Strauss, Salome

The Volksoper decided to put on a production of Salome by Richard Strauss – an opera far out of its normal repertory, although it had its Vienna premiere in this house in 1910 after the censors had prevented Mahler from giving its world premiere at the House on the Ring three years before.

Musically, the performance came off very balanced.  Roland Böer, the conductor, did a good job keeping the lid on, so as not to overpower the singers.  I was sitting near the back of the Parkett (row 17), and could hear the singers clearly.  The orchestra was also clear and sounded good as well.

The staging tonight was confused but did not distract from the music.  The director did not seem to have a particular concept in mind, and did not stick to any particular period or style.  I did not mind the generally minimalist staging, per se, but on the other hand it did not seem fully thought through.  I was watching a lot through my binoculars, and much of the interpretation depended more upon whether the singers had something in mind as opposed to whether the director did.  Fortunately, they did, but they gave very individual performances – a director with an overall concept might have brought this all together.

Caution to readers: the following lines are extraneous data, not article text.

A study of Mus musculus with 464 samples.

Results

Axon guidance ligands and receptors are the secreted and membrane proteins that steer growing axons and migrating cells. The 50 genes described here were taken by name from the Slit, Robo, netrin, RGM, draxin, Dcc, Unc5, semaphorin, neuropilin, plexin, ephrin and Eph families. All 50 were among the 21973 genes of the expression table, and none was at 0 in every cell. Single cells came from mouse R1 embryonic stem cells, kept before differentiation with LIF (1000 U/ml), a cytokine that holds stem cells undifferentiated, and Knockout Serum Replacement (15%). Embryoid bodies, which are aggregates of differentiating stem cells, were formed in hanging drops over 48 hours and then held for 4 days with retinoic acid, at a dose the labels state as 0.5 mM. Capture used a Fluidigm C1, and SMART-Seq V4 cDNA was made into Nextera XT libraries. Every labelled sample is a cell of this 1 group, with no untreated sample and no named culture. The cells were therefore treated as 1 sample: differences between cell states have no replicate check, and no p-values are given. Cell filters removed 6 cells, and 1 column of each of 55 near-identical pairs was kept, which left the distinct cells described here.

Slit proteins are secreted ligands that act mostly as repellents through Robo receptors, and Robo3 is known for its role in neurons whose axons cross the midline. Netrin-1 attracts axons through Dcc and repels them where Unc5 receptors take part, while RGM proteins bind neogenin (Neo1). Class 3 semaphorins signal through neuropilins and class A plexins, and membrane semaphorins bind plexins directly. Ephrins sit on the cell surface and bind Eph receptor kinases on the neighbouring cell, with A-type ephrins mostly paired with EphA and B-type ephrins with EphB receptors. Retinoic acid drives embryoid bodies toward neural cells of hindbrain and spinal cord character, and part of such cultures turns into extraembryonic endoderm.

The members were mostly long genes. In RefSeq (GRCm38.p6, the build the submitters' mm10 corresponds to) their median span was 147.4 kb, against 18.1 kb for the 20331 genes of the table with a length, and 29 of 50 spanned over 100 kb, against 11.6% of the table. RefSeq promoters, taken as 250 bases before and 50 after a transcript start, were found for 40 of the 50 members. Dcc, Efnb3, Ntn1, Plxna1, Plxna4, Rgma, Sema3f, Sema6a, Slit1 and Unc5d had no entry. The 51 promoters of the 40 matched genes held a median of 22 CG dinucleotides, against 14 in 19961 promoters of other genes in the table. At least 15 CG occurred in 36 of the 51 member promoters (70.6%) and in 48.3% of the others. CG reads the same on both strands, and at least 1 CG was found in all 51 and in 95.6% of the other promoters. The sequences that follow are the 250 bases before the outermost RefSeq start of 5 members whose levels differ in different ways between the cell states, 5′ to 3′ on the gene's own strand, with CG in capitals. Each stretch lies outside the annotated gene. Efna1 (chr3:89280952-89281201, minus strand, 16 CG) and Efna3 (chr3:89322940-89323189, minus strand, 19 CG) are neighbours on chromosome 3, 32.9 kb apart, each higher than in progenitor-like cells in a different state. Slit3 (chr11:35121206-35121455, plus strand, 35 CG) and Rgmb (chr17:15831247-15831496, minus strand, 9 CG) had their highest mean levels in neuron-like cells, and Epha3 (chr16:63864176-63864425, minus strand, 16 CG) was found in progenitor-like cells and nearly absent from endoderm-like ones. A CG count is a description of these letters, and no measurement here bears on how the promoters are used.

There were nice touches.  A full moon dominated the back of the stage for the first half, and the director used its light to set the appropriate moods (as expected from the book).  John the Baptist had wrapped himself in an extremely-long outer blood-red robe which Salome ripped off him at one point and later used for good effect (at one point representing the trail of blood from Narraboth’s corpse downstage to where Salome was standing).  But these intelligent touches were mixed, and did not come across as part of a greater design.  In this version, for example, Narraboth did not actually stab himself, but instead got strangled when entangled in the Baptist’s robe as Salome was ripping it away.  Salome’s dance for Herod contained very little dancing by Salome herself and more by the various male characters in the small roles.  Salome was not sensual at this point, but strangely disrobed only at the very end of the opera when she left the Baptist’s head on stage but went by herself into the cistern.  When Herod then ordered her to be killed, no soldiers followed her, but instead Herod himself collapsed on stage.

The voices were pleasant, but particularly Annemarie Kremer (Salome) and Wolfgang Ablinger-Sperrhacke (Herod) took time to warm into their roles.  Kremer did her best acting after John the Baptist cursed her, when she went from simply depraved to fully deranged.  Morten Frank Larsen (John the Baptist) was excellent throughout – coming across as a somewhat other-worldly prophet – but I wish that the staging had allowed him to sing his lines from the cistern naturally instead of miked in from somewhere offstage.  That requires a huge voice, however, so not too many people can pull it off, and maybe he would not have done as well if it had been staged this way.

I have to say that it was a much more enjoyable production than the last time I saw it live in Zurich about ten years ago.  That was a horrible German-directed Regietheater staging that was frankly offensive, and the Zurich opera house orchestra is not as good as it thinks it is.  This was not a problem tonight.